2010-12-04, 12:48 PM
So, outside of random encounters, is there any way to make traveling across a large distance seem interesting? I want my players to get a sense of how big the world is, but I feel like just adding encounters will slow things down

Galdor Miriel
2010-12-04, 01:01 PM
Make it a skill challenge that effects their resources upon arrival and might lead to encounters o the way, and use description, encourage them to use rituals to aid in the journey and reward efforts that are uesful by giving bonuses on the skill challenge. But do not make it so complex it takes too long!

Skill challenges and rituals handed right are just great.

Ozreth
2010-12-04, 01:59 PM
While 4e dosen't have as much crunch for things like travel, weather, fatigue, natural disasters etc as 3.5, you can always improv these things.

Throw storms at them, make them seek and/or build shelter. While hunting for logs to build a fire they notice something creeping around in the woods, but don't let it attack. This way they will be on guard and afraid and be that much more relieved to get out in the morning.

When they get to a crossroads let them encounter some sort of person/animal/tribe etc that is unique to that area, but let them be friendly.

For example: If they are in a region that is known for its vast centaur population, have them notice a small band of centaur walking down the road. They meet up, the centaur introduce themselves, tell a bit about the area, offer some food and wish they travellers well on their journey. The party will probably think this is part of the big plot, but don't let it be. They carry on and thats that, but you just 1) made their travel a bit more interesting and 2) richened the lore of your world and the knowledge of the players.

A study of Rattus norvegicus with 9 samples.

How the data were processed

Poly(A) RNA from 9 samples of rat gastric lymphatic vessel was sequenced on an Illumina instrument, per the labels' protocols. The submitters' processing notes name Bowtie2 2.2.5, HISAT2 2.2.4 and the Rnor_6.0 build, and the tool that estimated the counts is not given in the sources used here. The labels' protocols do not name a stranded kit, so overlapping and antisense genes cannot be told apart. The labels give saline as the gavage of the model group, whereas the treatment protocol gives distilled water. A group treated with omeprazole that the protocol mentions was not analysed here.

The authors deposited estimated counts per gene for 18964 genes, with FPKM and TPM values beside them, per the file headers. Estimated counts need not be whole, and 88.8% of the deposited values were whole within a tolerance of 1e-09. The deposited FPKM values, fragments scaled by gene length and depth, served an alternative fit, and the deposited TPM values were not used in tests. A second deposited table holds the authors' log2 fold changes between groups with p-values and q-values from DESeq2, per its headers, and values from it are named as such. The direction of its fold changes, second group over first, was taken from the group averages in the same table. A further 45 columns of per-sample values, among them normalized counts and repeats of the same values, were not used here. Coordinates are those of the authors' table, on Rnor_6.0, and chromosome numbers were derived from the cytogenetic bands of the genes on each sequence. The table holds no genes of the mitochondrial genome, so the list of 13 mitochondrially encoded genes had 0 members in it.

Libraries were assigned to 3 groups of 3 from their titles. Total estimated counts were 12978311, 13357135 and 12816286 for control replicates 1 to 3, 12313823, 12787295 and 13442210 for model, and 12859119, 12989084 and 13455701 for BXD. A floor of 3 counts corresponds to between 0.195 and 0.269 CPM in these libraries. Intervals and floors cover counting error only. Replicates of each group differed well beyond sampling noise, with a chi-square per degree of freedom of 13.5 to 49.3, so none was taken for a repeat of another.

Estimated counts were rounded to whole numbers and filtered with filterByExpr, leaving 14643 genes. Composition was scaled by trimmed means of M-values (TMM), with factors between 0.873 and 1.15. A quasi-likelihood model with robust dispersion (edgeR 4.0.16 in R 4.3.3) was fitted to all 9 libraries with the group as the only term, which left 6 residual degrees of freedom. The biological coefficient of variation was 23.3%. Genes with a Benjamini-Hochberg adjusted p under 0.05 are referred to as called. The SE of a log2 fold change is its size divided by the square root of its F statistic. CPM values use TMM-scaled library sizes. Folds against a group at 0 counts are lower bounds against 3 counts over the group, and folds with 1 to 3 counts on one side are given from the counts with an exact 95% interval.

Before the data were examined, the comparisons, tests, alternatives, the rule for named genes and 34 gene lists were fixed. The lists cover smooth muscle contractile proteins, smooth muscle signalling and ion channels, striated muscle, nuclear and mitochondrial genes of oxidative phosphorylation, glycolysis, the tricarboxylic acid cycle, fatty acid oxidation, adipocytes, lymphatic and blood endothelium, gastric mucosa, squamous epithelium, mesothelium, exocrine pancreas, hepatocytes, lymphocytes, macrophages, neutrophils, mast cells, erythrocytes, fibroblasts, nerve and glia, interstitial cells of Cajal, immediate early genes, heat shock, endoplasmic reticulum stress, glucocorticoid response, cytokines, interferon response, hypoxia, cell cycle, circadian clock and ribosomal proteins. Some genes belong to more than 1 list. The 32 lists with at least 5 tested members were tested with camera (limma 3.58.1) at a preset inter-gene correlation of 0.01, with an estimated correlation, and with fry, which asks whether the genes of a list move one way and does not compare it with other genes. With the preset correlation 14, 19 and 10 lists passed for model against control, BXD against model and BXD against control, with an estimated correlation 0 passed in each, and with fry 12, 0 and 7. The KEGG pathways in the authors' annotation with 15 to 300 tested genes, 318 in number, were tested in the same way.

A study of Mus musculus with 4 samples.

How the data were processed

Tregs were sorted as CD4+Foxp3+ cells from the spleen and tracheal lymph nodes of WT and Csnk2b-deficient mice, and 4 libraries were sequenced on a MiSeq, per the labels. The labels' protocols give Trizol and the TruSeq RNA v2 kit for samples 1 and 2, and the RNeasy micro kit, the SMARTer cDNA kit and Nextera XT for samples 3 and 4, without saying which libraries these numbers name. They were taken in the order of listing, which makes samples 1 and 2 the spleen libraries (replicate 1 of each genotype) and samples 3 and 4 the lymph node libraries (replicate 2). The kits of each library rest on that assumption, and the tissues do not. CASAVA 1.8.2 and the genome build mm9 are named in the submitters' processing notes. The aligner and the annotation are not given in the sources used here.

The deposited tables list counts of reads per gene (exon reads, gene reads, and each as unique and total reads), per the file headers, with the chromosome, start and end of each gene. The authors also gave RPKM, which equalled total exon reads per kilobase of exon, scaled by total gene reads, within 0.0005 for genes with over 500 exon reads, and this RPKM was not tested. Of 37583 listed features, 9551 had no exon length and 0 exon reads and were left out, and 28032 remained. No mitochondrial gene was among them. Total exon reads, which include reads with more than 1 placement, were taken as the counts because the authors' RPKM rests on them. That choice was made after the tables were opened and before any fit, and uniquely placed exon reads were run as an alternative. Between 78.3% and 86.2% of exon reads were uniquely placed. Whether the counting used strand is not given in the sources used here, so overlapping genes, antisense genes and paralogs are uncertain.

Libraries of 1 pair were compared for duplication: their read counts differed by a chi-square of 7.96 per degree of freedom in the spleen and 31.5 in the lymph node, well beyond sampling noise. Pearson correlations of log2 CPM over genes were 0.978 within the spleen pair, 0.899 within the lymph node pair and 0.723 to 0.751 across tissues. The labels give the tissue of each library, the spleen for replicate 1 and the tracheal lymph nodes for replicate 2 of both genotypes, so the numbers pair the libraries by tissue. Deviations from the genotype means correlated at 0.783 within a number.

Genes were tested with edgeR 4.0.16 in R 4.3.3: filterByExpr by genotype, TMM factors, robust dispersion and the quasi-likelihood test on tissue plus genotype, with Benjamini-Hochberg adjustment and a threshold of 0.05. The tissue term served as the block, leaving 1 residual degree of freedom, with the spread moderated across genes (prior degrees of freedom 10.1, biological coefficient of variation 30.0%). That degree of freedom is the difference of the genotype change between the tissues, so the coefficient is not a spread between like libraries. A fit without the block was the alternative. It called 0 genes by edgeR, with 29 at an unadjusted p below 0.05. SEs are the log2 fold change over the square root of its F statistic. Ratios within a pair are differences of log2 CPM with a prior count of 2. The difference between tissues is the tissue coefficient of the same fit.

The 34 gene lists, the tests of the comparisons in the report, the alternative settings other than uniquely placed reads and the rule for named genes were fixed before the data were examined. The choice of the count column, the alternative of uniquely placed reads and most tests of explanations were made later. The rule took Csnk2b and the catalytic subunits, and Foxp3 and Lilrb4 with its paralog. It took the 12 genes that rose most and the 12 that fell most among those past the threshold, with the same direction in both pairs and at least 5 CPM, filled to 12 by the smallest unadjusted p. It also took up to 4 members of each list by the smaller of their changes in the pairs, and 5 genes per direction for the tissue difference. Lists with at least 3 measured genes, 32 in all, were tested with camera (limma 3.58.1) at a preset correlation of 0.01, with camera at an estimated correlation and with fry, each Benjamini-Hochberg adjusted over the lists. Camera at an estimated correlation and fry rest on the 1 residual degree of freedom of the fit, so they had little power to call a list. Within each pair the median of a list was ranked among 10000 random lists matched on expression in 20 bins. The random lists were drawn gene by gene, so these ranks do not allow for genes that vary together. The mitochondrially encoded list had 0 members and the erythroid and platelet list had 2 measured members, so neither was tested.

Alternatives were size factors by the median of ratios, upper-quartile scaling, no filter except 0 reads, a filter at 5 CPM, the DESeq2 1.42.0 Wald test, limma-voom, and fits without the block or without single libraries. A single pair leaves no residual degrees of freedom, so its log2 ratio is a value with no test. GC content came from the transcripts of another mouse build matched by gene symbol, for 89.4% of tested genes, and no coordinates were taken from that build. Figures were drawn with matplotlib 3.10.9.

WitchSlayer
2010-12-04, 07:17 PM
Skill challenges! Hiding from storms using various skills, if they fail, make them lose some healing surges or something else.

AnswersQuestion
2010-12-04, 07:31 PM
So, outside of random encounters, is there any way to make traveling across a large distance seem interesting? I want my players to get a sense of how big the world is, but I feel like just adding encounters will slow things down

Tolkien was very keen on landscape descriptions. Check his stuff if you want ideas on how to describe impressive landscapes.

Incanur
2010-12-04, 07:47 PM
One of the things I'm enjoying about preparing a 3.5 campaign that starts at level 5 is overland travel. Weather and terrain actually matter. Much past level 9 and that disappears. This should a give PCs with wilderness skills a chance to shine. Do similar skills exist in 4e?

Joseph Silver
2010-12-04, 07:53 PM
Nature is Knowledge: Nature, Survival, and Wild Empathy combined, but for the surface.

Dungeoneering is basically Nature for underground use.